This morning, the FCC released a Public Notice, announcing that the spectrum clearing target for the initial stage of the Incentive Auction will be 126 MHz.  That means, that if the Incentive Auction is completed in the initial stage with the 126 MHz spectrum clearing target, TV channels 30-36 and 38-51 will be reallocated for mobile broadband and unlicensed wireless services, leaving UHF channels 14-29 for broadcast TV stations (along with VHF channels 2-13 which are not being auctioned).  Channel 37 will remain allocated for wireless medical telemetry and radioastronomy services, with unlicensed services permitted. This is the maximum amount of spectrum that the FCC had initially indicated that it would potentially reclaim from broadcasters.

The Public Notice also announces that the actual bidding in the reverse auction, the so-called “clock rounds,” will begin on May 31, 2016.  The initial two days of the auction will have one round per day, with subsequent days speeding up to have at least two rounds per day until further notice from the FCC’s Wireless Bureau which administers the auction.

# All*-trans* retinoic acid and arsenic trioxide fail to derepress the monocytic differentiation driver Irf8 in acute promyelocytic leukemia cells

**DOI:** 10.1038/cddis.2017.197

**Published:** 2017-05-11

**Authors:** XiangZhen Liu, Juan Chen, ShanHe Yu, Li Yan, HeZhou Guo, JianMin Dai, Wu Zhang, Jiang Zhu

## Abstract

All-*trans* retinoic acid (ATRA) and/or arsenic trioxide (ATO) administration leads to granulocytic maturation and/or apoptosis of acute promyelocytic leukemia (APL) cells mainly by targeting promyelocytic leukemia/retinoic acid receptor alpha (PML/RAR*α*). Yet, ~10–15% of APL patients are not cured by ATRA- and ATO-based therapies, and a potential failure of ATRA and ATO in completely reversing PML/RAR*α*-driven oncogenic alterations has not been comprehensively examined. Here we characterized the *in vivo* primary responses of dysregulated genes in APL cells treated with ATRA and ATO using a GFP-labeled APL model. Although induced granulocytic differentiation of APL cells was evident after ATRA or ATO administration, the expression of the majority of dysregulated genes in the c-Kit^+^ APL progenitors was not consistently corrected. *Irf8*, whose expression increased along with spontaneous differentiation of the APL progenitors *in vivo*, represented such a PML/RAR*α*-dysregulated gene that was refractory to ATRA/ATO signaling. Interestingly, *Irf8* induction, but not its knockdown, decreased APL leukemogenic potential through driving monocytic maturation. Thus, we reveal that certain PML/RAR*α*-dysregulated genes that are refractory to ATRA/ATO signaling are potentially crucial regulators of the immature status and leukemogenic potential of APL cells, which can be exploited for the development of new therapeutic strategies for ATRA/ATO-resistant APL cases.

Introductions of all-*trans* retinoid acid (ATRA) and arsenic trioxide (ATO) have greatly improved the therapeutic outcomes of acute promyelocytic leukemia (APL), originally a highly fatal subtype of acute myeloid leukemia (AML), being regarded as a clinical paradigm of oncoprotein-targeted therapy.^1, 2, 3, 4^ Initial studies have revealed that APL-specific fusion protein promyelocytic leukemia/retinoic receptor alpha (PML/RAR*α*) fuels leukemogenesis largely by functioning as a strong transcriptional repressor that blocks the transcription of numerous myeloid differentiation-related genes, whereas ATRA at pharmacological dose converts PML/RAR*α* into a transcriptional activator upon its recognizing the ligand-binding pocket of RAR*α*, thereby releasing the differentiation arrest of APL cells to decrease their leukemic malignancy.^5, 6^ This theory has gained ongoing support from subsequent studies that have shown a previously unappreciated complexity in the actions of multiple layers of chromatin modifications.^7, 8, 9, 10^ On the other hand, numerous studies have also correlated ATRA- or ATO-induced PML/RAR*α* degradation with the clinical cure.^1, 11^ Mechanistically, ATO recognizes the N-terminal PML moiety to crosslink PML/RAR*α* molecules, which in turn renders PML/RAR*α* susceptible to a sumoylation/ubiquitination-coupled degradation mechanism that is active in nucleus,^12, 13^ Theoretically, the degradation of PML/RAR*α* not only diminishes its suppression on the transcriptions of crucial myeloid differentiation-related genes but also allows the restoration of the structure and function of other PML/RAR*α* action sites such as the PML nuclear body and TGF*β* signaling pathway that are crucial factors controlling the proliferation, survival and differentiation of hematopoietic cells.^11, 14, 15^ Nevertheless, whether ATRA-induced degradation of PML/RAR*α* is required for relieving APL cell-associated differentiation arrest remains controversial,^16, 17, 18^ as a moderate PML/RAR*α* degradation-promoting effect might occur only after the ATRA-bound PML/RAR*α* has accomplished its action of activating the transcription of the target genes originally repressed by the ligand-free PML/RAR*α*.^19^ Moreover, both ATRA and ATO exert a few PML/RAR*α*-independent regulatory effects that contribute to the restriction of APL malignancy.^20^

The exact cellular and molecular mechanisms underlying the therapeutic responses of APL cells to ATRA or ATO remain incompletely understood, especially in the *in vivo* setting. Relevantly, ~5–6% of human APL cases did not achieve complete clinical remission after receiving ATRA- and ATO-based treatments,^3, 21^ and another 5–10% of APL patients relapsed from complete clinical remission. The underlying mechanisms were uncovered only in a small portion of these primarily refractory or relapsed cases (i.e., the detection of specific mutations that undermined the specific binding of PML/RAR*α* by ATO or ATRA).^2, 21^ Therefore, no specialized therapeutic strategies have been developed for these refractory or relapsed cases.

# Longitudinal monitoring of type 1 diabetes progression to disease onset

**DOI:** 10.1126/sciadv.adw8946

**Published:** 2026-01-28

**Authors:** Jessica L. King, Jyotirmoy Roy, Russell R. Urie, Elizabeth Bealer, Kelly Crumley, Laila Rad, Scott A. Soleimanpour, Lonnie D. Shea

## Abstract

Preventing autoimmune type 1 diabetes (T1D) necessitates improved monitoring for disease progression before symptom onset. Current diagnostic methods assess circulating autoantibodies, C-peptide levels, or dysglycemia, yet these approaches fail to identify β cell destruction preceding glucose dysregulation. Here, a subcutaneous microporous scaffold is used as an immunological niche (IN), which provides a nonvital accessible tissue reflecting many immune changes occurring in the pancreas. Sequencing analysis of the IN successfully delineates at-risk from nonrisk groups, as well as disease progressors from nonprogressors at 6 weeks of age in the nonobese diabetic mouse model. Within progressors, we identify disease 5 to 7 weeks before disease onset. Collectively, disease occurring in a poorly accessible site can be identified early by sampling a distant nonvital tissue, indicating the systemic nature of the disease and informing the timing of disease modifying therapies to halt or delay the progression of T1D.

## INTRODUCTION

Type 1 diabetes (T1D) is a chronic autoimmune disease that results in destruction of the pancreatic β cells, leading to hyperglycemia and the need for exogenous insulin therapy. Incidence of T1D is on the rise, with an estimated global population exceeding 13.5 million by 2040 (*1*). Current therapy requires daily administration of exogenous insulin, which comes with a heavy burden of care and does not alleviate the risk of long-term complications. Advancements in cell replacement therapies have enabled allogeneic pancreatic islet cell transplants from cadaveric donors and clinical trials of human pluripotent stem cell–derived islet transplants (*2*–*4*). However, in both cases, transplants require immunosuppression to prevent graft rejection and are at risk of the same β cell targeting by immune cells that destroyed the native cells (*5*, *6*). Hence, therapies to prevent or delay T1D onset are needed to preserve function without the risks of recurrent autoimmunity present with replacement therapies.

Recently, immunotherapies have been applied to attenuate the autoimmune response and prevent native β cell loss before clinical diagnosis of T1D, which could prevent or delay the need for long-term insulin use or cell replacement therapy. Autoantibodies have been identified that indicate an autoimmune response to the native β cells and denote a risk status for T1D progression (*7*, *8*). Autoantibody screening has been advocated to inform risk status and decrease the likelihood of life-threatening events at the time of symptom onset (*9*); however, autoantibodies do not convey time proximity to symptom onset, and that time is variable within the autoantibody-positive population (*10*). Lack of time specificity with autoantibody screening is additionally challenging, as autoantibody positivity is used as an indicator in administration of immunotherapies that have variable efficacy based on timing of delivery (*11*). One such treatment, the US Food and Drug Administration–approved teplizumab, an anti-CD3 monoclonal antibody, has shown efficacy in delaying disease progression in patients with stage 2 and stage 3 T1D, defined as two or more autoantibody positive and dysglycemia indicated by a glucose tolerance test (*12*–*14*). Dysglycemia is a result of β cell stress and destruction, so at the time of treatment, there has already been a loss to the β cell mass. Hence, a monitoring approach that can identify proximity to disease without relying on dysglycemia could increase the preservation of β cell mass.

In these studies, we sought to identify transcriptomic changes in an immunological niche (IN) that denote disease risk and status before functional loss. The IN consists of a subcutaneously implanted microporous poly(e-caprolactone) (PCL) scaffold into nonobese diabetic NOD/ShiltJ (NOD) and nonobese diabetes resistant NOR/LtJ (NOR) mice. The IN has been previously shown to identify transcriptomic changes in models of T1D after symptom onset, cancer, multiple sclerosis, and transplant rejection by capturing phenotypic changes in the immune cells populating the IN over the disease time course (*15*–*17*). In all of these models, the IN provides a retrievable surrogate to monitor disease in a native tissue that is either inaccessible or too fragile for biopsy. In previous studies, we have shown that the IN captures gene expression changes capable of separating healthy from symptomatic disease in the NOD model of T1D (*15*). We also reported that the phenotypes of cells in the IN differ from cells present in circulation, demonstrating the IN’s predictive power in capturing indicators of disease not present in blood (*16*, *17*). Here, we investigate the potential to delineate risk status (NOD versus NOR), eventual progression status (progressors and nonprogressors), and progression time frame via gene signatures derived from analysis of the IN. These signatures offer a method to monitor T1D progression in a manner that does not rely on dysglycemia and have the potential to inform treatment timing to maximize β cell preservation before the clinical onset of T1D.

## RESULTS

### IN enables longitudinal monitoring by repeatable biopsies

The FCC also set out a number of educational efforts for parties participating in the auction, including a user’s guide that will be available May 5, tutorials and workshops on the bidding process, and mock auction dates that will precede the actual start of the “clock rounds.”

Finally, the Public Notice announces that the FCC will be sending today the Final Confidential Status Letter to inform each applicant that was permitted to make an initial commitment in the Reverse Auction of its status with respect to the clock phase of the Reverse Auction.  In other words, this tells stations that accepted the FCC’s initial offers whether their stations may be needed in the auction.  The FCC warns that stations that don’t receive this notice by Wednesday, May 4, should call the FCC to alert the FCC of issues with their distribution of this notice, as it contains information that will be needed to participate in the Mock Auctions, and in the clock rounds of the auction itself.   Note that the anti-collusion rules apply until the end of the auction even for those applicants who are told that their stations are not needed in the auction (see our article on those restrictions here).

It has been a long road to this point, but it looks like the auction is for real now. TV stations that were interested in participating should now be hyper-alert to all news about the auction, as it is for real at this point!